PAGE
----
Machine learning is revolutionizing every industry in one way or another, but one place it's really having an effect is in fintech. Aire, a London-based startup, is using machine learning and neural nets to assess applicants' credit scores, leading to a more consistent and on the whole, better system, and, ultimately, to more "democratized" credit scores.
Traditionally, a lender looks at a customer's credit history, then assesses them for credit. This is a flawed system, says Aneesh Varma, Aire CEO, because it doesn't take every situation into account, or look at context. Aire's system looks at more data, including financial resilience, stability and affordability to assess each individual applicant against their data. This makes it safer for financial institutions to lend money to the right applicants, and gives applicants peace of mind that they can pay it back.
The Aire platform works by plugging in to a current lender's credit scoring system. The applicant submits the info the platform needs to make an informed decision. This consists of information about 1) finances, such as whether the applicant has a credit card, current living situation, and outstanding balance on any credit cards, any household or personal costs; 2) lifestyle, with fields like relationship status, dependants, household information, and sliding-scale questions on whether you have everything you want in life and if you are diligent and determined or not; and lastly, 3) on your work and profession, such as whether you're employed, self-employed, salary, and when you get paid. Aire's automated platform then uses this data to make a decision on credit.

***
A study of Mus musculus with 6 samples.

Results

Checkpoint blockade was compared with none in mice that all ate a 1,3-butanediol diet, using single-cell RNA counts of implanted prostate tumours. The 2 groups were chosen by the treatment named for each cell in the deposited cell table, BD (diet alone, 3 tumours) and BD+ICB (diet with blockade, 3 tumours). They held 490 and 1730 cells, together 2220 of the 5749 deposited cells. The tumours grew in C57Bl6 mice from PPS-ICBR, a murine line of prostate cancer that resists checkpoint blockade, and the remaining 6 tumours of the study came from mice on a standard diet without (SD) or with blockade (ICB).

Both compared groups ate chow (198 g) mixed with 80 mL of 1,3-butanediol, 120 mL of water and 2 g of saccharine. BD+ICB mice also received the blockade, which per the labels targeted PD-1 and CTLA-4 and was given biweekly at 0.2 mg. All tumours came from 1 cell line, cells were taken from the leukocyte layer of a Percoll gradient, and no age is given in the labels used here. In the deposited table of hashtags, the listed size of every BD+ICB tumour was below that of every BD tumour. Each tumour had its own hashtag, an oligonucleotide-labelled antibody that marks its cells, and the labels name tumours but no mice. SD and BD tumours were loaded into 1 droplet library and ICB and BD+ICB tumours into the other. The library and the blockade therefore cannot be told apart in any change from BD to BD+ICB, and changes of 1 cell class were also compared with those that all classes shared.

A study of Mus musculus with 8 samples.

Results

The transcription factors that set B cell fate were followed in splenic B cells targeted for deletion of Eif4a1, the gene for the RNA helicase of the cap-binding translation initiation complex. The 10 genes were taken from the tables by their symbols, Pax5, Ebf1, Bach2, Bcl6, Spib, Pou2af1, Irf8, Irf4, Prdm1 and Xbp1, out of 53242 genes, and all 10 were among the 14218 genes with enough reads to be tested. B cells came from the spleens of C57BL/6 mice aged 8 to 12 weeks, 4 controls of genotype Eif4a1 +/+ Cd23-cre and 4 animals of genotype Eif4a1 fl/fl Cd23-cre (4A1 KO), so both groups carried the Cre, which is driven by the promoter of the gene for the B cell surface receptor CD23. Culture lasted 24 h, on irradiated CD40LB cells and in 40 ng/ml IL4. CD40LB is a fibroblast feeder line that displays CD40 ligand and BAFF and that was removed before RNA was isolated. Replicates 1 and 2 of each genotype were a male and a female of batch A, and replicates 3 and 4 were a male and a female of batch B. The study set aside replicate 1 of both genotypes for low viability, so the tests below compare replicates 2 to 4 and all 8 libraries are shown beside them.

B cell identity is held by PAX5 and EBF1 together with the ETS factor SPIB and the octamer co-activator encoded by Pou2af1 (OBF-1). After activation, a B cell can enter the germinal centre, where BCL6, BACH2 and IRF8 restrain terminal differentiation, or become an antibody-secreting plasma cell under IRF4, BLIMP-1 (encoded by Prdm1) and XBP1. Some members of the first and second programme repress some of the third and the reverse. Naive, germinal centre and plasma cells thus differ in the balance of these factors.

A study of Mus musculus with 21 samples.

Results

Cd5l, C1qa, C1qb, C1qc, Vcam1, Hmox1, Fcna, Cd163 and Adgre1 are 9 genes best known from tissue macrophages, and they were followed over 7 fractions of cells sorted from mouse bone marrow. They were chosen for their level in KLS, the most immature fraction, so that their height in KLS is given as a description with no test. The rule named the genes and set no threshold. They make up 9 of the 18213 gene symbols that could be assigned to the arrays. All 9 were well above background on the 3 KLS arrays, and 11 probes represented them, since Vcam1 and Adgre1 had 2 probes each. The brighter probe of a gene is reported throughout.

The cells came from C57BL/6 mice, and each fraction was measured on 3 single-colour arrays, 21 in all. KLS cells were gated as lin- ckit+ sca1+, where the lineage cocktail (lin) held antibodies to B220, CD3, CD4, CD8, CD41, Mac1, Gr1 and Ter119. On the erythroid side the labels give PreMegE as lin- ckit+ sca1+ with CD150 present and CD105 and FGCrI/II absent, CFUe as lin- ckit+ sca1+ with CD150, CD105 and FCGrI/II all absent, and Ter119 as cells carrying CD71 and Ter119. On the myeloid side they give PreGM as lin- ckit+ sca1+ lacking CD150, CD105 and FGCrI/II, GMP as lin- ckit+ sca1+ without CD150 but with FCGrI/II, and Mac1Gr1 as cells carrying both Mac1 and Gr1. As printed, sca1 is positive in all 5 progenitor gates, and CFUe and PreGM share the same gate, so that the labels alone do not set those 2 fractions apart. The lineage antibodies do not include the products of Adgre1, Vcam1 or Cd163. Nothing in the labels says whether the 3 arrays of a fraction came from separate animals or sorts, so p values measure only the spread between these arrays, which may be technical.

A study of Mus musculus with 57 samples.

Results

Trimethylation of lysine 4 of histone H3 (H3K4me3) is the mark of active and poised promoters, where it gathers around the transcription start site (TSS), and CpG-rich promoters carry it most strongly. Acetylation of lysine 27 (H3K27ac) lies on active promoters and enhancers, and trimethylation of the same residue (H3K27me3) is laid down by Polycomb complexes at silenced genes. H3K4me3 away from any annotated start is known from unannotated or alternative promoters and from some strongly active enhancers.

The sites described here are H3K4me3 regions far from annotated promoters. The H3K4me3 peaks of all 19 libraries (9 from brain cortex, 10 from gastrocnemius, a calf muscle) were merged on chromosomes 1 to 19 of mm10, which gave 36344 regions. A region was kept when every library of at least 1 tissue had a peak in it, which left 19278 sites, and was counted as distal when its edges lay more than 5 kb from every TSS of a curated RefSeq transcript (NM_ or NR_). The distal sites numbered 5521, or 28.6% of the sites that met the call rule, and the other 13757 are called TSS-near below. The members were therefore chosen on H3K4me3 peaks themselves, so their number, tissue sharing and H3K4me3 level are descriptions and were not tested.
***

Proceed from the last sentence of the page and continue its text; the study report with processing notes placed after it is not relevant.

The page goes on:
The team behind Aire. CEO Aneesh Varma is in the middle in the grey hoodie. Image: Aire
Aire has not yet launched; only early access sign-ups are currently live. The company was founded in January 2014 by Aneesh Varma, a serial entrepreneur and current Aire CEO; Jon Bundy, COO, with a background in technology and finance; and Dr. Srini Sundaram, in charge of risk and algorithms. They set out to solve a complex issue, which Varma says on the company's website, "may not be solved for 20 years or more". However, they've made a good start, with approximately $10 million raised from firms such as White Star Capital, Sunstone Capital, Crane Ventures and Accion Capital.